Journeys of Faith: Evangelicalism, Eastern Orthodoxy, Catholicism, and Anglicanism
Francis J. Beckwith
256 pp., $18.99
What is it that makes ecclesial migration such an attention-getter? Is it the betrayal of one tradition in order to embrace another? Is it the dramatic Gestalt switch—seeing a duck where one previously saw a rabbit? Is it is the anxiety that greener pastures lie elsewhere?
According to a 2009 study by Pew Forum, "about half of American adults have changed religious affiliation at least once during their lives," mostly before the age of 24. We might conclude that the evangelical herd is undergoing severe depopulation based on the prominent figures who have abandoned the savannah of low-church fellowships for the alpine air and scenery of high-church traditions—figures such as Peter Kreeft, Richard John Neuhaus, Christian Smith, Peter Gillquist, and Frank Schaeffer. But headlines exaggerate reality. The Pew study reveals that "Catholicism has suffered the greatest net loss in the process of religious change."
Journeys of Faith tracks four migrations: three of them are from evangelicalism to Eastern Orthodoxy (Wilbur Ellsworth), Catholicism (Francis Beckwith), and Anglicanism (Lyle Dorsett), while the other is from Catholicism to evangelicalism (Chris Castaldo). The format of the book—which includes responses by scholars from the tradition left behind and rejoinders by the converts—encourages friendliness where altercation too often prevails. Personal storytelling, as opposed to scholarly argumentation, also adds more light than heat. The narrative dimension of ecclesial migration reminds the reader that conversions are seldom the outcome of epiphanic events and never solely the outcome of a rational calculus; instead, they are quiet, mysterious, and often circuitous. Uniting all these migrations is a domestic instinct—the human need to feel at home in a church—and the tenacity to pursue the fullness of Christian truth wherever that might be found. More than aesthetic uplift, historic rootedness, or liturgical rhythm, the source of authority proves decisive in these particular migrations; therein, we discover the fault lines of the Deep Church. Converts to evangelicalism, not surprisingly, affirm Scripture as the only rule of faith and practice, whereas converts to Eastern Orthodoxy and Catholicism finesse a relationship between Scripture and Tradition.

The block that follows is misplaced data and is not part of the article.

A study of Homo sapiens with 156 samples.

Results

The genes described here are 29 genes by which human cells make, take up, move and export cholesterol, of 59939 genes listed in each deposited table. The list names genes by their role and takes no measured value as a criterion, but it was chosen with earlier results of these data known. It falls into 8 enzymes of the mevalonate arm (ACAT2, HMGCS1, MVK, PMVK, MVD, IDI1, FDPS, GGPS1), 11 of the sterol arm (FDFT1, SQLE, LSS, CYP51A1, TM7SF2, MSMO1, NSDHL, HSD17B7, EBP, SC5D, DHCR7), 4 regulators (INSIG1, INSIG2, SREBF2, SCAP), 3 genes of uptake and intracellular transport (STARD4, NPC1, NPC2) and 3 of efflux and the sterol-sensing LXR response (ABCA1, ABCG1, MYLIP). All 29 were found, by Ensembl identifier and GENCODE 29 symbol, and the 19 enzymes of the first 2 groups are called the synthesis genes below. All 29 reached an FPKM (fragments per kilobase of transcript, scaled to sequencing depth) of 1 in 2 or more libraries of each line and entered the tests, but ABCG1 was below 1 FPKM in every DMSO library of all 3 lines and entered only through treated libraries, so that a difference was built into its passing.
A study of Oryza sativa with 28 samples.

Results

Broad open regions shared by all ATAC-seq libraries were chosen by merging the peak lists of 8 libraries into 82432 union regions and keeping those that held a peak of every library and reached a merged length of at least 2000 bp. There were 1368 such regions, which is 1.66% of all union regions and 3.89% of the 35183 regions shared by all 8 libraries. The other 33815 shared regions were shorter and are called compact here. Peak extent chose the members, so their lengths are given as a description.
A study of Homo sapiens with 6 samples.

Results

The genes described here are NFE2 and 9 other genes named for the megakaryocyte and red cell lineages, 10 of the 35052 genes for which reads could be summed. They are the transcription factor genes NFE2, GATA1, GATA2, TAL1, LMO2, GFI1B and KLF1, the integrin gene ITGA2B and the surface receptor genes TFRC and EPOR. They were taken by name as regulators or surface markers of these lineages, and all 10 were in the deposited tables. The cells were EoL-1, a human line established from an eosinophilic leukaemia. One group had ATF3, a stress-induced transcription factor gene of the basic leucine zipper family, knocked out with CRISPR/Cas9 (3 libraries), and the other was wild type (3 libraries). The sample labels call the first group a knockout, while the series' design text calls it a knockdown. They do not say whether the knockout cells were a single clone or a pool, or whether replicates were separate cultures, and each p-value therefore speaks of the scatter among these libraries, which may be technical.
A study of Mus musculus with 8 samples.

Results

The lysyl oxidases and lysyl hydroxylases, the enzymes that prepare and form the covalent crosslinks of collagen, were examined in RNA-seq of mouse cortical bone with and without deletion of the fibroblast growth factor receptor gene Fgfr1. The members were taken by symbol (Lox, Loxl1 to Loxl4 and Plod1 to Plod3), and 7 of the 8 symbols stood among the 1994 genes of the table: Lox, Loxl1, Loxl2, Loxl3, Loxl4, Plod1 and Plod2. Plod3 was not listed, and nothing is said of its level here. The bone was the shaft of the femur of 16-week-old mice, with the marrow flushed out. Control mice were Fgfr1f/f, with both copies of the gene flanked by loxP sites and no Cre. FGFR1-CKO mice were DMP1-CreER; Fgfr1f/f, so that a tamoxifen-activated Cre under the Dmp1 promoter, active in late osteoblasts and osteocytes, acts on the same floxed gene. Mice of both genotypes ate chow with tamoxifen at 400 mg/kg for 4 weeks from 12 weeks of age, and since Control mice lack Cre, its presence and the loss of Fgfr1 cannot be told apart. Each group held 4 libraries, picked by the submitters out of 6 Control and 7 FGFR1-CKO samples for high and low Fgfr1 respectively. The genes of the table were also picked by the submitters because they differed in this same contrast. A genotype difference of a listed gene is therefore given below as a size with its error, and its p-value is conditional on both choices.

Christopher Benson is a writer in Denver, Colorado. He earned degrees from Wheaton College, Missouri School of Journalism, and St. John's College. His work has appeared in The Weekly Standard, Christianity Today, The Christian Century, First Things, Christian Scholar's Review, and Image. He blogs at Bensonian.